Thyroid cancer is a disease where cancerous cells grow and form a tumor in the thyroid gland. The thyroid gland is shaped like a butterfly and is located in the front of the neck. It makes hormones that regulate the way your body uses energy and that help your body work normally. Most people diagnosed with thyroid cancer have a good prognosis because the disease is often found early and the treatments work well.
Thyroid cancer accounts for about 3% of all cancers annually diagnosed. Primarily an adult disease, it is one of the least deadly cancers and is different from other adult cancers in that it occurs much more frequently in younger adults, particularly in women between the ages of 20 and 55 years. Thyroid cancer is the most common form of cancer in adult women under age 35 years, accounting for 20% of all cancers. The cause of thyroid cancer is largely unknown, but likely involves both hereditary and environmental factors. High head and neck exposure to ionizing radiation is a known cause of thyroid cancer, but such exposures account for few cases. The observed high incidence in women of reproductive age strongly suggests an involvement with reproductive hormones, but the mechanism is unknown. Other factors that may increase thyroid cancer risk include family history of thyroid cancer or goiter.
In the United States, thyroid cancer occurs about three times more often in women than in men. It can occur at any age, but is rarely diagnosed in children and teenagers. Women between the ages of 20 and 50 are at the highest risk for thyroid cancer. The disease also occurs in older women, but not as frequently as in women of reproductive age. Unlike in women, thyroid cancer in men is relatively rare before age 50, but its occurrence then increases constantly with age, so that older men are at higher risk for developing thyroid cancer than younger men are.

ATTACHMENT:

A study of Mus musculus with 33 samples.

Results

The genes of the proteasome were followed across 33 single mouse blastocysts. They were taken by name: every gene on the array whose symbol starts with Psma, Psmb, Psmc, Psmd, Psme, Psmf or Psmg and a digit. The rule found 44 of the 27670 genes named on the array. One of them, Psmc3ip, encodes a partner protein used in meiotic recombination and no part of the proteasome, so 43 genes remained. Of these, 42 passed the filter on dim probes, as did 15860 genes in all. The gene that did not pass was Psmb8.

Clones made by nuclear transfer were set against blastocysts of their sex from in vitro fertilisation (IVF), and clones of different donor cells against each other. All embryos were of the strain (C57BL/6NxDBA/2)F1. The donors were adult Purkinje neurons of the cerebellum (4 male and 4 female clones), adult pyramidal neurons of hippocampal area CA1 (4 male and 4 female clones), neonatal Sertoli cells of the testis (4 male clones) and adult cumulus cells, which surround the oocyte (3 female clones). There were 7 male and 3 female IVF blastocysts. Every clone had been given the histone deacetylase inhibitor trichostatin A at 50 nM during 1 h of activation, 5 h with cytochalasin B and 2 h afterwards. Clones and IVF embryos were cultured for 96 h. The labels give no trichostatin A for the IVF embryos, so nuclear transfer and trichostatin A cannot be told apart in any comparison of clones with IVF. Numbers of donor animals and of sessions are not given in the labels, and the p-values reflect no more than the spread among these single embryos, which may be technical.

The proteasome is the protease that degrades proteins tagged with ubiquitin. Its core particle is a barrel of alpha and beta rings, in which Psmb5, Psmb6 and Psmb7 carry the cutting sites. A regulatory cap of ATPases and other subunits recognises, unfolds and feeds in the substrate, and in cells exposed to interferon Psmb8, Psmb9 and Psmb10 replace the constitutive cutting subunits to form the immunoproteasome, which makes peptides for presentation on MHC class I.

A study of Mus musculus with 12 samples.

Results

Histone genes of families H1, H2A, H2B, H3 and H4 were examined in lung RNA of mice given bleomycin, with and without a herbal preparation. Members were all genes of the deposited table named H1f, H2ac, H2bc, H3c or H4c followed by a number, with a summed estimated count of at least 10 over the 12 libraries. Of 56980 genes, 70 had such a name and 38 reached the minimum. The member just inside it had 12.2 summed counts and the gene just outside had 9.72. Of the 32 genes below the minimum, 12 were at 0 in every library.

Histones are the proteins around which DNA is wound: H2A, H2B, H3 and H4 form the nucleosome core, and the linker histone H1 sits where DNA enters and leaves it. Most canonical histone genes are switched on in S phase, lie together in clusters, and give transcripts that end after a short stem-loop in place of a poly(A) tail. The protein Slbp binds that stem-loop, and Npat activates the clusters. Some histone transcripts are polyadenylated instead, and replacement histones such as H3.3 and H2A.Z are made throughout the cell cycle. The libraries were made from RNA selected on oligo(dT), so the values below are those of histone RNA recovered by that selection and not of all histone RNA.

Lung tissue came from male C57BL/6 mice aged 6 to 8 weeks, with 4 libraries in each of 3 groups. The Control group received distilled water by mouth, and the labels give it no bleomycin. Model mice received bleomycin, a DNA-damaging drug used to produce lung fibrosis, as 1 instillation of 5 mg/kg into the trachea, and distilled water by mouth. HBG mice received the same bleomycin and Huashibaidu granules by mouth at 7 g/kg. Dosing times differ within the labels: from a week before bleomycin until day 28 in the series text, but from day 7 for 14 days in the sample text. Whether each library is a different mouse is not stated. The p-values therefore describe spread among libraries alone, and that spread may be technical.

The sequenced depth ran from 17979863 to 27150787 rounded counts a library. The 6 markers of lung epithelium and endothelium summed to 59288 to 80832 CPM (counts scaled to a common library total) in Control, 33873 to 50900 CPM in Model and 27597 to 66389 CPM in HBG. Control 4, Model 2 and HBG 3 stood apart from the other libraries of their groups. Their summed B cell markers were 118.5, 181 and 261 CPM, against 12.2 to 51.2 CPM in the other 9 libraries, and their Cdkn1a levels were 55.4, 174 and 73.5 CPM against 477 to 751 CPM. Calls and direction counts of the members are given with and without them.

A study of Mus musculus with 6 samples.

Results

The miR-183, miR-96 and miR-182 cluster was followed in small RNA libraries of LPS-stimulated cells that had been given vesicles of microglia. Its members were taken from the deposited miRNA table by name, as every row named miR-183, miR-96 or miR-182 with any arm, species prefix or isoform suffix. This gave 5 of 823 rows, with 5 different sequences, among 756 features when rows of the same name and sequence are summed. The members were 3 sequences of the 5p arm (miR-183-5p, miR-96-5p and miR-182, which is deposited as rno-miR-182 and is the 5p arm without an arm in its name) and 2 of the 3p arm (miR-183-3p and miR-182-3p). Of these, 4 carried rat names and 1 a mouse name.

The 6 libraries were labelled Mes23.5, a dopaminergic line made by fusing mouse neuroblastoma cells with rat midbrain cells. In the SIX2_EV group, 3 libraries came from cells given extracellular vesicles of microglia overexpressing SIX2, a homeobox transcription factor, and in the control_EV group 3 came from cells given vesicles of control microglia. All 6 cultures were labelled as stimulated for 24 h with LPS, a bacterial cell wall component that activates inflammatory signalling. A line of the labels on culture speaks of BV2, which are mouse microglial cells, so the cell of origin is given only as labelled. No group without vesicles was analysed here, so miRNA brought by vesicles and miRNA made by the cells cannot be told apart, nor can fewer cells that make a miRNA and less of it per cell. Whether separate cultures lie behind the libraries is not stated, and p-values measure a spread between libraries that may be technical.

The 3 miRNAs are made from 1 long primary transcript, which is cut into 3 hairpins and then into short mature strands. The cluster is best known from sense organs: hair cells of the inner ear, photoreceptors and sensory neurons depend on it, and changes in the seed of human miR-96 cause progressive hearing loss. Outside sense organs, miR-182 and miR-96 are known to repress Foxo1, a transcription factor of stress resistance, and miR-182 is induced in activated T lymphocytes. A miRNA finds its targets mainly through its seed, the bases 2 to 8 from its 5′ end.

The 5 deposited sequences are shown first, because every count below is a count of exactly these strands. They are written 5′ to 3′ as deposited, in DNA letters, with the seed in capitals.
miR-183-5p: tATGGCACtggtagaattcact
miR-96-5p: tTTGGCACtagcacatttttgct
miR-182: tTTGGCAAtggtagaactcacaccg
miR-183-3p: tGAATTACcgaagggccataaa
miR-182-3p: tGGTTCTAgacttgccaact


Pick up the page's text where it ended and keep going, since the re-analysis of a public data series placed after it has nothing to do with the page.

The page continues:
Scientists have found a few risk factors that make a person more likely to develop thyroid cancer:
  • Gender and age
  • Diet low in iodine
  • Radiation
  • Hereditary conditions
You can learn about known and probable carcinogens from Known and Probable Human Carcinogens at (external site).
Most people with thyroid cancer have no known risk factors, therefore, it is not possible to prevent most cases of this disease. Some doctors have suggested that the increase in thyroid cancers may be due to X-ray testing of young children. This has not been proven, but it is a good idea for children to avoid X-rays that are not necessary.
Because genetic blood tests are now available, most of the familial cases of certain thyroid cancer types (e.g., medullary thyroid carcinoma or MTC) can be treated early or prevented. Once the disease is discovered in a family, the rest of the family can be tested.
If you have a family history of medullary thyroid carcinoma, or MTC, it is important that you see a doctor who is familiar with the latest advances in genetic counseling and genetic testing for this disease. Removing the thyroid gland in children who carry the abnormal gene will prevent a cancer that might otherwise be fatal.